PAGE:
Starbucks bucks trend, closes online store
Global coffee giant Starbucks has closed its online store in the US, bucking the broader trend in retail to invest in the growing e-commerce industry.
Starbucks announced the decision to customers in late August and officially closed the online store on 1 October.
The coffee chain is operated in Australia by the Withers Group, which also runs 7-Eleven. The local website provides information about various Starbucks products, but does not sell any items.
Starbucks initially launched its online store in the US in 2011 as an additional sales channel for its coffee, syrups and sauces, mugs, coffee machines and other coffee-related products. It also offered a subscription service for customers to receive regular coffee orders through the website. This service was discontinued on 1 September.
While customers can still buy Starbucks coffee and other merchandise in the company’s coffee shops and at certain grocery stores, the company’s syrups and sauces are no longer available for purchase.
“We cannot guarantee availability of any product in stores, but we know you will find many choices to enjoy. You can purchase your favorite coffee and Starbucks merchandise in your local Starbucks,” the company wrote in a note to customers.
“You can also purchase coffee on the Starbucks App for in-store pickup. And you can find Starbucks coffee to enjoy at home in your local grocery aisle. Syrups and sauces will no longer be available for retail purchase.”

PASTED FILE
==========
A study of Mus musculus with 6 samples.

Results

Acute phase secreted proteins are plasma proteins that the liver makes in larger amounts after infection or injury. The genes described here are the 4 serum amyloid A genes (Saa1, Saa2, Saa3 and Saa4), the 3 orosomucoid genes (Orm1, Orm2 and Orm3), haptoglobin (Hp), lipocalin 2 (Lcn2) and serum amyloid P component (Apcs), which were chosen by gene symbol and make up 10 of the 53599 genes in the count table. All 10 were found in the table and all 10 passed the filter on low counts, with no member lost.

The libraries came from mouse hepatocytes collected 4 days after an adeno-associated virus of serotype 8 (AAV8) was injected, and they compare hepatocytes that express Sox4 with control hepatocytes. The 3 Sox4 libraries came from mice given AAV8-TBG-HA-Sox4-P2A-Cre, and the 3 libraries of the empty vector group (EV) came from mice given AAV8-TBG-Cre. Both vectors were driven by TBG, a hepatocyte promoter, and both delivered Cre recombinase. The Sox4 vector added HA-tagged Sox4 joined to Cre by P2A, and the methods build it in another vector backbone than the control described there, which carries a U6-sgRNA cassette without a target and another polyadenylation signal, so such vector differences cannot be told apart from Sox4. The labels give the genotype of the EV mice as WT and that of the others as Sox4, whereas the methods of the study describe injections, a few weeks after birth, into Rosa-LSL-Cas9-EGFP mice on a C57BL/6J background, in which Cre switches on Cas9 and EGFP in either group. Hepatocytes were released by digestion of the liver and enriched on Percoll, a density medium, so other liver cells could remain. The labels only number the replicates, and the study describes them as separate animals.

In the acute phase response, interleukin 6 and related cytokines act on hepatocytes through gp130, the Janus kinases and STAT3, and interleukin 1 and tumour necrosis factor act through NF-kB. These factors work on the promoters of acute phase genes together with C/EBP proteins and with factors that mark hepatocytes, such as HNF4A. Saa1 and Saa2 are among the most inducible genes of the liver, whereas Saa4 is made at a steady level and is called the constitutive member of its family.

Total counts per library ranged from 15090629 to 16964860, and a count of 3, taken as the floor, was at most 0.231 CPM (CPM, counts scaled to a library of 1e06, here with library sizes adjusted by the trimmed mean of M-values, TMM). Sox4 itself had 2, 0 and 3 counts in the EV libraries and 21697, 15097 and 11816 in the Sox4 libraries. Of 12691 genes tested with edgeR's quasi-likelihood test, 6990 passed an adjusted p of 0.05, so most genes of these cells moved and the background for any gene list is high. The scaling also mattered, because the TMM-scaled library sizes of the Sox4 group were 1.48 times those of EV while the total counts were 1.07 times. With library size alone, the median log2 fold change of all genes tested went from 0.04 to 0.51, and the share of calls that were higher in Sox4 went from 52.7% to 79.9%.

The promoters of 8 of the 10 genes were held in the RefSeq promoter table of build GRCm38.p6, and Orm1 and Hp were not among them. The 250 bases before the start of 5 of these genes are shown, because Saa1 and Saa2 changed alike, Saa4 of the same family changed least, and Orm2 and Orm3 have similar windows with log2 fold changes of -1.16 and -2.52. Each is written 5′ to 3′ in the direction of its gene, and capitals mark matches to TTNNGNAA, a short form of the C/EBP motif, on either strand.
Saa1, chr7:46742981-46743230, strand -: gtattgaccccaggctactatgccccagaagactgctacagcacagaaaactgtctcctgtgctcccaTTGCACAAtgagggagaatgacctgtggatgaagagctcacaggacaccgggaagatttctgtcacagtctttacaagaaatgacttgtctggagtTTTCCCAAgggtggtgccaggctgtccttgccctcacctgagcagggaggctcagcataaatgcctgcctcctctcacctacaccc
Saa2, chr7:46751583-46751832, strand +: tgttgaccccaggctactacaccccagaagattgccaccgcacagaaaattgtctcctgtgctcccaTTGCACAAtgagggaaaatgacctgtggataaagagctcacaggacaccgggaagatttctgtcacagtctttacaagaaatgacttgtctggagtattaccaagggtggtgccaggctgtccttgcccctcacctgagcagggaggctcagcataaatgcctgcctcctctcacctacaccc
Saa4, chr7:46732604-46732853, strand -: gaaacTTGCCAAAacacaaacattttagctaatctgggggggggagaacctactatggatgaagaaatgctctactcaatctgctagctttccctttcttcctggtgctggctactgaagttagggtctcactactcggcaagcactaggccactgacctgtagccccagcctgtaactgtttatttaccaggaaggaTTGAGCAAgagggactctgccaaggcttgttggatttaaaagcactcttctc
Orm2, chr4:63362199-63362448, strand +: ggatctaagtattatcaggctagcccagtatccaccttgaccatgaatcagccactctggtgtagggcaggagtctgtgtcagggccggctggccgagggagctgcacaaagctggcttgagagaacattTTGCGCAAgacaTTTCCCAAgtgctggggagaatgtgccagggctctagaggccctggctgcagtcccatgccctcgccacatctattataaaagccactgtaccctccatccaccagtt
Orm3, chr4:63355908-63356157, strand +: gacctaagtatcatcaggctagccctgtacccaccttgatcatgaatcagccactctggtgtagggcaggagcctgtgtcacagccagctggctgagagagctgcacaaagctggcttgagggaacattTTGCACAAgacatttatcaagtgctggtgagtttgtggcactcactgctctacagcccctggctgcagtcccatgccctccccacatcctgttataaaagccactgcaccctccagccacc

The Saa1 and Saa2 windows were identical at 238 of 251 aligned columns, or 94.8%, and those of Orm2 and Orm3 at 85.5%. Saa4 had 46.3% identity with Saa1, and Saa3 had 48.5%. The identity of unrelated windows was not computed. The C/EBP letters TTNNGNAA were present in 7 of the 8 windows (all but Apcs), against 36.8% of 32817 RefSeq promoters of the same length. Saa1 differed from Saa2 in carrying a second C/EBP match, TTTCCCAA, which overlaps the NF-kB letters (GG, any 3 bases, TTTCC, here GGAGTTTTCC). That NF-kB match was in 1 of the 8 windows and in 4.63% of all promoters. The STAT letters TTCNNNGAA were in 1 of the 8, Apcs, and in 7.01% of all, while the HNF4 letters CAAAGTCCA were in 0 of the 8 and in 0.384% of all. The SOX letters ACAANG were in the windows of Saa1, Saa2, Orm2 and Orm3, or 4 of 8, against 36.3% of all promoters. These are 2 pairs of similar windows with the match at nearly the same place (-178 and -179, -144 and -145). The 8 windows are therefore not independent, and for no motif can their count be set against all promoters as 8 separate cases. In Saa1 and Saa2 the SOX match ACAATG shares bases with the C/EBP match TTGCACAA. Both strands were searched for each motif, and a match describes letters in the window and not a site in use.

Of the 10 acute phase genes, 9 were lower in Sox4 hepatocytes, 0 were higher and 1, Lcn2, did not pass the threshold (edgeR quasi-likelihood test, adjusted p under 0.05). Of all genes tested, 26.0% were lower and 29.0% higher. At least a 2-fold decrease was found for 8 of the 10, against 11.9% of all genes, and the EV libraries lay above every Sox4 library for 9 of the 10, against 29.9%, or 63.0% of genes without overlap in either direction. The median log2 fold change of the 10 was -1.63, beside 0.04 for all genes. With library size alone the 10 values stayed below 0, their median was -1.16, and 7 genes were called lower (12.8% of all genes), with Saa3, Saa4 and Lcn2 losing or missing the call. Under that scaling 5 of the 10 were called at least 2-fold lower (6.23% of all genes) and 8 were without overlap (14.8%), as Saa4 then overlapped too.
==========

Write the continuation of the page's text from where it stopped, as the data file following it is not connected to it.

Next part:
The online store closure comes as major retailers in the US, like Walmart, are ramping up their investment in e-commerce.
But the move should not be seen as a wholesale repudiation of digital retail. If anything, Starbucks is more focused than ever on getting customers to make purchases through its mobile app.
The company has implemented a ‘digital flywheel strategy’, involving customer acquisitions, spend-based rewards, personalised offers and convenient ordering, to make the app more sticky.
At the same time, the company’s leadership has previously spoken about the need for retailers to create unique in-store experiences to survive.
As the New York Times noted, Starbucks CEO Kevin Johnson referred to a “seismic shift” in retailing in the company’s most recent earnings call, and chairman Howard Schultz indicated a few months earlier that he had soured on digital sales.
“Every retailer that is going to win in this new environment must become an experiential destination,” Schultz told investors in April. “Your product and services, for the most part, cannot be available online and cannot be available on Amazon.”